14 Comments


  1. What a great idea for a plugin, and it seems pretty solid. Why can’t I think of these things!?


    Wow. What a brilliant find! I think Paul has done and is continuing to do some excellent work here and I, for one, can’t wait to discover what hidden gems there might be :) Thanks for the info!


    Think of it a lot like the Apple App Store and the jailbroken Cydia repositories on iPhones. If you install things from elsewhere, well, you have no form of security. Great for power users and people who can read and evaluate code, but pretty much useless for anybody else.

    When you combine this with GitHub, well, the implications are terrifying. With a minor amount of effort, one could create scripts to create github accounts, fork legitimate plugins, insert a couple lines of malicious code, and thus flood the search results with malware intended specifically for this case. Each of these steps is easily scriptable, and can be done without even installing “git” on your computer, thanks to github’s easy forking and editing.

    For something like this to be useful, it needs verification and authenticity. It needs a way to eliminate the forks and the false results and to confirm authorship. None of that is in github, at present.


    Github does allow for quite a few options by default: Forks can be excluded, and search results can be filtered by a minimum star count, watch count, or fork count.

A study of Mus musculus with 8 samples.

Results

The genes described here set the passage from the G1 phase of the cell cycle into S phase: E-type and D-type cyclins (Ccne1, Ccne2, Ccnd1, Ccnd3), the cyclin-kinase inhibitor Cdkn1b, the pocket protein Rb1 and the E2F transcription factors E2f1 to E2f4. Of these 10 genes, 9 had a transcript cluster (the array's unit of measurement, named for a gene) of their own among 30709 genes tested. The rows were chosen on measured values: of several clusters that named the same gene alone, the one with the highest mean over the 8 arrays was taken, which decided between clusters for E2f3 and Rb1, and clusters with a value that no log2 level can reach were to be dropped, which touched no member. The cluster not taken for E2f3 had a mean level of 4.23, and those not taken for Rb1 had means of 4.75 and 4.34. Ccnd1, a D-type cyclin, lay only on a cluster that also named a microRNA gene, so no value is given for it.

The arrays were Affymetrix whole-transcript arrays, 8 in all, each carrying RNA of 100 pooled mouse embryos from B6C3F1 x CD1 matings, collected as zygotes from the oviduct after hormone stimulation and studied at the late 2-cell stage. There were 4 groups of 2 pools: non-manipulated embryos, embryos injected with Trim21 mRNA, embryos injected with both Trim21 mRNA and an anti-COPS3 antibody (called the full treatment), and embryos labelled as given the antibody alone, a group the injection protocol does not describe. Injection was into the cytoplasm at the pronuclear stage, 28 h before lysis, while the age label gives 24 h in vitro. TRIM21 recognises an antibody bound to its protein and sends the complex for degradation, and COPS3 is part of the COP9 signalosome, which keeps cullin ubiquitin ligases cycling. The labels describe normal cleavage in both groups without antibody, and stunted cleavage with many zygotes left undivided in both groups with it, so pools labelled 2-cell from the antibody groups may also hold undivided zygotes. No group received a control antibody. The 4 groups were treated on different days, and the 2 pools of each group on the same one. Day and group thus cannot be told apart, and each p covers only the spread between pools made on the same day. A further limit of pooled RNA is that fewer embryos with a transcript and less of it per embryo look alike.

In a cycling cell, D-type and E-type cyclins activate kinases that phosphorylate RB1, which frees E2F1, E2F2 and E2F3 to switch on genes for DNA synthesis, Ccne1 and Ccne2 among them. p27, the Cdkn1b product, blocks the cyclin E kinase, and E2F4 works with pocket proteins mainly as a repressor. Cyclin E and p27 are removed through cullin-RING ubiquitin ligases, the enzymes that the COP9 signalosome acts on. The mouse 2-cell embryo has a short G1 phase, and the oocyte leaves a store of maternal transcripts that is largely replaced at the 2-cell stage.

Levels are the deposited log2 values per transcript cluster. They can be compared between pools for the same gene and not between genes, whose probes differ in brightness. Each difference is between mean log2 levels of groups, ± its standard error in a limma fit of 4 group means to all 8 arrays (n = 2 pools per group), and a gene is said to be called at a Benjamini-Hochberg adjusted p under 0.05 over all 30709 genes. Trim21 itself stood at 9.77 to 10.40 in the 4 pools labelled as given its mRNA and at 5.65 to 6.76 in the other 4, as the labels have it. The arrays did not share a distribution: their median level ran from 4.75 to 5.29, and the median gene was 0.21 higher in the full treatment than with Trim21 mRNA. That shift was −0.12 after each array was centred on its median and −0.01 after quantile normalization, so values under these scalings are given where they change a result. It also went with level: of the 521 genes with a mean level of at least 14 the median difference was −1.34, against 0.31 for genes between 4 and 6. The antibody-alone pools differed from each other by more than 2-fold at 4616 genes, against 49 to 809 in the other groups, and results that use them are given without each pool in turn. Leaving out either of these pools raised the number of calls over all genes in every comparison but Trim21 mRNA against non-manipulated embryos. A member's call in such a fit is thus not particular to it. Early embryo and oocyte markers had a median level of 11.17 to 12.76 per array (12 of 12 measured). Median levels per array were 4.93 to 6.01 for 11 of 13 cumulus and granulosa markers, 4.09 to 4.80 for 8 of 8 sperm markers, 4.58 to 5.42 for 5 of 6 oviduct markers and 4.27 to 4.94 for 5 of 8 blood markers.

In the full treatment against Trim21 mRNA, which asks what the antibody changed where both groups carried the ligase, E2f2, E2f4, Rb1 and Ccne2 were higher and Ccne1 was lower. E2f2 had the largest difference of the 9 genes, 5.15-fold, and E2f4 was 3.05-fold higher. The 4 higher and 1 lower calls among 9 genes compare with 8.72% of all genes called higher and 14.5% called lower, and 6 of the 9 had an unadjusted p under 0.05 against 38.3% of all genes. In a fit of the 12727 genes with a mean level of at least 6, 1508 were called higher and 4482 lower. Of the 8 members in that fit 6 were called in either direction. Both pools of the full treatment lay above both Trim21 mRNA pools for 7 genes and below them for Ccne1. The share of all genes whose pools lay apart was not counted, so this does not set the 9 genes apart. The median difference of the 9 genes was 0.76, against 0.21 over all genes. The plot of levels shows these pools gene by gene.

The plugin was already excluding all forks by default. Based on your input, I’ll require a minimum star count as well. At a minimum, that will at least require *some* users see *some* value in search results.

    That, of course, does not enforce a standard of validated authenticity. I think there is an excellent model for creating that, however, in the Mac package manager Homebrew. Essentially, a list of authenticated repositories is managed in the homebrew repo, and users submit updates via pull request.

    Github allows search to be whitelisted by either owner or repository, and users could add their own sources in an admin interface.

    I’m interested to hear your thoughts. :)


    Maybe the next eventual step would be a group that helps curate or rate/certify WP plugins on git. That might help.


    Actually – I guess I’m preaching to the choir on the criteria issue – that should be a core feature of plugin and theme search on the admin dashboard.


    After adding a minimum star requirement last night, I also added links to view details on the Github repo page or author profile, and now display the author avatar as well. That gives a stronger sense of who is publishing what.


    Apart from that, I host all my plugins on both the WordPress Repository and Github. But what’s on Github is “stable” beta as I like to call it and on the official Repository I only host the latest stable versions.

    So for normal users I would not recommend to download my plugins via Github.